View Full Version : Question about whether HT can increase density
05-08-2010, 12:06 PM
I'd like to have more density in the hair at the top of my head. There's what looks like plenty of hair there, it's just thin and looks nothing how it used to when I was younger. Can a transplant improve density? The photographs of fresh HT patients on this site show the implanted hairs arn't really all that close to one another, looks as though each hair has about a millimetre of clear around it which is kind of how I am now.
I've attached a photograph of the density I currently have (with a penny for scale). Can anyone tell me if a HT will help?
Any help very much appreciated!
05-10-2010, 08:34 AM
The danger in transplanting hair to areas that are only thinning is that you may do more harm than good to the existing hair. In transplanting too many grafts in a single pass, you risk shock loss, particularly if the existing hair is already miniaturized or very fine. Doctors are also cautious about placing too many grafts in the recipient area in one go because this can result in a poorer yield than would occur with a more conservative approach. Needless to say, your best bet at this point would be to first try medical therapy, for at least six to twelve months, to see if you can stabilize your hair loss and possibly achieve some regrowth.
05-10-2010, 09:38 AM
Thanks for your reply. I have been taking Finasteride for about a year now and believe my hair loss has stabilised (I think it has been for the past couple of years).
Would you not recommend a HT for someone with my type of baldness?
05-10-2010, 11:07 AM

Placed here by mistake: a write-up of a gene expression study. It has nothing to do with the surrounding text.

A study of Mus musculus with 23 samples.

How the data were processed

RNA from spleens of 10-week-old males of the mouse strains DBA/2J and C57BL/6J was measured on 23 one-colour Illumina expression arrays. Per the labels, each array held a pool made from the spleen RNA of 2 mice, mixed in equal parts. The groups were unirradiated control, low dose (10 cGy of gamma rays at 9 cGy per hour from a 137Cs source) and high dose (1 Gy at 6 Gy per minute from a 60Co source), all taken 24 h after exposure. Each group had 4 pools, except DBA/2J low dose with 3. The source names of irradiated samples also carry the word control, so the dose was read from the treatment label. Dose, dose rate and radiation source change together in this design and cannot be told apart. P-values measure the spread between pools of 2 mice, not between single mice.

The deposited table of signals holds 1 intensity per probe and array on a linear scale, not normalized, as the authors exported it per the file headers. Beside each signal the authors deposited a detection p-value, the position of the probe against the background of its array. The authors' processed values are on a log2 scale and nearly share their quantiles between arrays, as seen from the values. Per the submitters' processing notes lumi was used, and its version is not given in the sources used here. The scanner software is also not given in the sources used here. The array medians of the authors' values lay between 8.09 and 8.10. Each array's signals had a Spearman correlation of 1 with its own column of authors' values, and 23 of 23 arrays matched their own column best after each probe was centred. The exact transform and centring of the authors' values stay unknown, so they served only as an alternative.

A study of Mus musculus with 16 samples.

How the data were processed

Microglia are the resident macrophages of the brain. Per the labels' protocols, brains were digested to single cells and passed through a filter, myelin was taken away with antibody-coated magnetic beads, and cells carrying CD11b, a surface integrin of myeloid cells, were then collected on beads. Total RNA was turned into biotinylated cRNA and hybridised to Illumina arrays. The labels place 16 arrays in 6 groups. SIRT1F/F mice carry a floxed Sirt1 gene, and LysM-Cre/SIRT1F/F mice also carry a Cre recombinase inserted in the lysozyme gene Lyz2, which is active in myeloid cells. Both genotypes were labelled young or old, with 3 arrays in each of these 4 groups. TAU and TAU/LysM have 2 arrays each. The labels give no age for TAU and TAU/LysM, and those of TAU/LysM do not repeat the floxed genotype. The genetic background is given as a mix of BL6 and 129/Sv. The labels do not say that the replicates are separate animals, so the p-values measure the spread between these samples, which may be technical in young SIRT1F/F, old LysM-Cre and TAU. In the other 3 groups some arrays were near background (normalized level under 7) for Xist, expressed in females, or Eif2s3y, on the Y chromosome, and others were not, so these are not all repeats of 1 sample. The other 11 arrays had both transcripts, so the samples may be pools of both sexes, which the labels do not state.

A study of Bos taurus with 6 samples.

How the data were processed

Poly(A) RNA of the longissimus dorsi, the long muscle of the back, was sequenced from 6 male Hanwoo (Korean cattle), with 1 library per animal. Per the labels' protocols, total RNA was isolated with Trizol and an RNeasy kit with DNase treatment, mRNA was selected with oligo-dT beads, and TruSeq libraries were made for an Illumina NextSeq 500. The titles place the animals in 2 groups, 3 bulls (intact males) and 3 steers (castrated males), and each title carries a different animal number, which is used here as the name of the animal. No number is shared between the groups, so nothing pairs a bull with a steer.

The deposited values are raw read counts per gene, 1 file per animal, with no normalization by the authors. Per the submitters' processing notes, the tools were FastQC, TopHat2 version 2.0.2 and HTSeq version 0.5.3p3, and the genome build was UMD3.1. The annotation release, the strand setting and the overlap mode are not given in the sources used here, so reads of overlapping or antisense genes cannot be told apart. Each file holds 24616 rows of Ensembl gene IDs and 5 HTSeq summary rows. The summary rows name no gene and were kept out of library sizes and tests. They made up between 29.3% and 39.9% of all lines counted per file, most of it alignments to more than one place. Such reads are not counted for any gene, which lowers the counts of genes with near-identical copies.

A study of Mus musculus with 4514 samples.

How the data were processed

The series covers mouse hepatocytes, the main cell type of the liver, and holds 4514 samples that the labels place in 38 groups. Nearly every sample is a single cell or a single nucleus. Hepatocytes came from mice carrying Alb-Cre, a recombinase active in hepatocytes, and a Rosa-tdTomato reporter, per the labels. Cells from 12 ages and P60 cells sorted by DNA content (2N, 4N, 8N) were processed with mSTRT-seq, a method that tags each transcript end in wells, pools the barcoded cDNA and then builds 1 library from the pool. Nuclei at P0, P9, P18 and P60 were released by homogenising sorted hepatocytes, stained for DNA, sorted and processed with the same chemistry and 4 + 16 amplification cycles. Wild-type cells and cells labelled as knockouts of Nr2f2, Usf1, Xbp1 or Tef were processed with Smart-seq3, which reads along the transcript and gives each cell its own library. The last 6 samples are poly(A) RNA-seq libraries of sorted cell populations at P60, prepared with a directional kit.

barry77, I am not expert at all but from what I have seen a HT can definitely help someone in your situation. You might want to consider PRP or minoxidil to try and increase density also.
05-10-2010, 11:20 AM
Although you are experiencing hair loss, the only indication thus far is miniaturization at the top of your scalp. Unfortunately, any effort to maximally increase the density at this point will place your existing hair at risk of accelerated loss. Grafting will improve the overall quality of your hair, but the resulting density will probably be less than what it is now.
Your current follicular unit density is likely somewhere around 100 per sq cm. Therefore, it would require this sort of transplanted density to match what you used to have. Such densities are technically difficult to achieve, may result in a lower than optimal yield, and are really unnecessary to reach (as one can have the appearance of good coverage with a density lower than this). The general rule is that a density of 50% of the original will provide sufficient coverage (though this is only a generalization that will not apply to all individuals). Basically, I would advise you to put off hair restoration at this time, particularly if you wish to maintain what hair you do have presently. This probably isn't what you wanted to hear but I hope it helps! :o
05-10-2010, 04:23 PM
... Basically, I would advise you to put off hair restoration at this time, particularly if you wish to maintain what hair you do have presently. This probably isn't what you wanted to hear but I hope it helps! :o
Okay, thanks for your advice, I appreciate it.